Read about a London athleisure boutique coming to town, the closure of a Palo Alto dining fixture and notable accolades for a range of local businesses.
SWEATY BETTY COMES TO TOWN ... The London-based women's luxury fitness boutique Sweaty Betty is set to open at Town & Country Village at 855 El Camino Real on April 21 in the former site of Y&I Clothing Boutique. The "athleisure" brand, which includes running, workout, yoga, ski and dance attire that can be worn outside the gym, has experienced explosive growth across the United States in places like New York's SoHo district, West Hollywood's Melrose Avenue and San Francisco's Union Street, according to the company. The Palo Alto site is its 11th U.S. store and the fifth to open along the west coast over the past 18 months. Ever since Tamara Hill-Norton founded the boutique in London in 1998 to "blur the lines between fashion and fitness," the clothing line has steadily built up a loyal following, said company spokeswoman Melissa Sgaglione Seganti. Sweaty Betty has become synonymous with a unique "London look" and innovative designs that support an active lifestyle, she added. The brand has been featured on the London Fashion Week runway. The Town & Country location fits the company's stated goal of opening boutiques in places with a fun vibe -- where women spend time working out or grabbing coffee or lunch -- rather than at a destination shopping mall. --L.T.
CHANTILLY SAYS GOODBYE ... Chantilly, a French and Northern Italian restaurant that got its start in 1974 in Palo Alto, has shuttered, its owners confirmed this month. Chantilly closed its doors on El Camino Real in Redwood City on Saturday, April 1. The restaurant had operated there since 1999, when it relocated from Palo Alto and the owners changed its name from Chantilly II to Chantilly. Kittrell and Gus Talasaz, the original owners, were joined by executive chef and partner Bernabe Oropeza and his wife, Maria, in the early 1990s, according to the restaurant's website. "We thank the four generations of families, corporations and dedicated patrons who walked through our doors, helping make Chantilly one of the top eating establishments in the Bay Area," the four co-owners wrote in an email last week, declining to comment further. The two-story building at 3001 El Camino Real afforded Chantilly private dining rooms -- where "for over three decades, some of the most significant Silicon Valley deals have occurred," the restaurant's website states. A 1994 Palo Alto Weekly review of the second iteration of the restaurant describes the original Chantilly on Ramona Street as a "haunt for high-tech movers and shakers." "Muckety-mucks from Intel, Intuit, Microsoft, AMD, National Semiconductor, Hewlett-Packard and all the other big names in the Valley were closeted in the private rooms of Chantilly II while the rest of us ate in the main dining room and wondered what deals were being cut behind those doors," reviewer Laura Reily wrote. --E.K.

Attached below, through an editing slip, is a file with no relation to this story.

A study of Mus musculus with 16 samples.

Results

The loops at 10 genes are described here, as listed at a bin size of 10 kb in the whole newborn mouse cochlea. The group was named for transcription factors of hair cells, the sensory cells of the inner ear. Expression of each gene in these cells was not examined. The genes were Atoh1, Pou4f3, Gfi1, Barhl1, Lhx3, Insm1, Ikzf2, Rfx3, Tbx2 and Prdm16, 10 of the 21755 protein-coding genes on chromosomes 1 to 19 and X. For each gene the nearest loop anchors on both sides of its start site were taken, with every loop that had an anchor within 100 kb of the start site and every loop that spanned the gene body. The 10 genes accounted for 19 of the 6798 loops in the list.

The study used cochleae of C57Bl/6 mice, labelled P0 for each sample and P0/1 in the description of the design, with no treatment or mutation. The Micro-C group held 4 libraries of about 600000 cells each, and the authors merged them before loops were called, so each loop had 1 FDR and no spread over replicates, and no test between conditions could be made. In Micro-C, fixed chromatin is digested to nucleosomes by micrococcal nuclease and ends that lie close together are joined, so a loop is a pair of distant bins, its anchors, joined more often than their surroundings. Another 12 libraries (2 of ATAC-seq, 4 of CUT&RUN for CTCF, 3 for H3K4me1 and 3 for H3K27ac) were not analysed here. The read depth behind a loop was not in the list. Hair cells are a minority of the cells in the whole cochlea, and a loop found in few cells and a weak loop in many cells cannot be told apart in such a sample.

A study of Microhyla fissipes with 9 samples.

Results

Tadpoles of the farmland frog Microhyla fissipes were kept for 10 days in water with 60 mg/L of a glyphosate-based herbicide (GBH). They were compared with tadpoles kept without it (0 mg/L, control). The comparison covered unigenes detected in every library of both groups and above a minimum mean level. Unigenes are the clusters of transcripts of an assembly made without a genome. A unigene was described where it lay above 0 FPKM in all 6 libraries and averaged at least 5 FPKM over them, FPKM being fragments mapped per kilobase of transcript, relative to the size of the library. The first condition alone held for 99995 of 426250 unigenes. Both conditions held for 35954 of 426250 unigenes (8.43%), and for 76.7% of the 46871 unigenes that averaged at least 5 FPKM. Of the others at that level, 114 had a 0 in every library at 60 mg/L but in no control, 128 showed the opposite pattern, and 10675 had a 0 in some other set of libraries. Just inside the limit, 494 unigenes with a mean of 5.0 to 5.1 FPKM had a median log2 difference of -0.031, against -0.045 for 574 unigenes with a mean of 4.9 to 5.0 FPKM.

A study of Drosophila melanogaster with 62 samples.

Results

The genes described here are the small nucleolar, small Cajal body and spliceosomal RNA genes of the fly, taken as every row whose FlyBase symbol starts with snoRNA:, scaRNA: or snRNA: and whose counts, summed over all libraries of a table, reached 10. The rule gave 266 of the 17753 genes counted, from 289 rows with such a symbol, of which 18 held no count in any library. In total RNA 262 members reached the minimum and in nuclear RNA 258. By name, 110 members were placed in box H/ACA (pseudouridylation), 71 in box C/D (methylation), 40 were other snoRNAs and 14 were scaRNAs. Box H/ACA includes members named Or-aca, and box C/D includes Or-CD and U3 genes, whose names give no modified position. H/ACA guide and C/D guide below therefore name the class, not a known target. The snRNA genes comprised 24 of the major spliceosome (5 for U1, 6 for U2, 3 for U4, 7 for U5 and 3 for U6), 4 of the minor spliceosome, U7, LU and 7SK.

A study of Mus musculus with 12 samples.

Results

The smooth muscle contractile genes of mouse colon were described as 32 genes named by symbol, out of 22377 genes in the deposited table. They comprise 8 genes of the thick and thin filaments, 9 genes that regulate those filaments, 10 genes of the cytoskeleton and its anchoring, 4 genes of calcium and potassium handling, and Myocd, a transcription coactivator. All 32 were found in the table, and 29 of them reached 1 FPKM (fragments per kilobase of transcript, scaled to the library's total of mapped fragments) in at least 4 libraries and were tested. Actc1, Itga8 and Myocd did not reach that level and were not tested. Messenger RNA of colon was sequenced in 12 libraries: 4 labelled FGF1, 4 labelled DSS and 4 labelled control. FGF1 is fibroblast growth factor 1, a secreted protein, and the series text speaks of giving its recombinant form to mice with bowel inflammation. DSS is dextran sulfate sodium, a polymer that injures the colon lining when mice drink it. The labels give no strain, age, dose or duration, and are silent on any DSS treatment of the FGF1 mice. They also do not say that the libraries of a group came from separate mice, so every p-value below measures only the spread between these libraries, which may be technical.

BIG BIZ RECOGNITION ... A few shout-outs to some area businesses that have been recognized big time: The first accolade goes to Rosewood Sand Hill, Menlo Park's five-star boutique hotel near Interstate 280. It was named on Travel & Leisure magazine's website as one of the top 100 hotels in the world. Rosewood came in at No. 37, tying with the Beau-Rivage Palace in Lausanne, Switzerland. And KQED has put Palo Alto's Anatolian Kitchen on the map with its popular "Check Please" TV show. The segment on the restaurant, which serves authentic Turkish cuisine at 2323 Birch St., is scheduled to air April 27. And Thrillist.com recently published its "San Francisco's Most Highly Anticipated Bar and Restaurant Openings of 2017." Of the 11 establishments mentioned in the article, only one was a non-San Francisco business, and that was Nobu, the Japanese restaurant scheduled to open in June in the Epiphany Hotel, 180 Hamilton Ave., Palo Alto. Congrats all around. --D.S.
Compiled by the Weekly staff; this week written by Linda Taaffe, Elena Kadvany and Daryl Savage.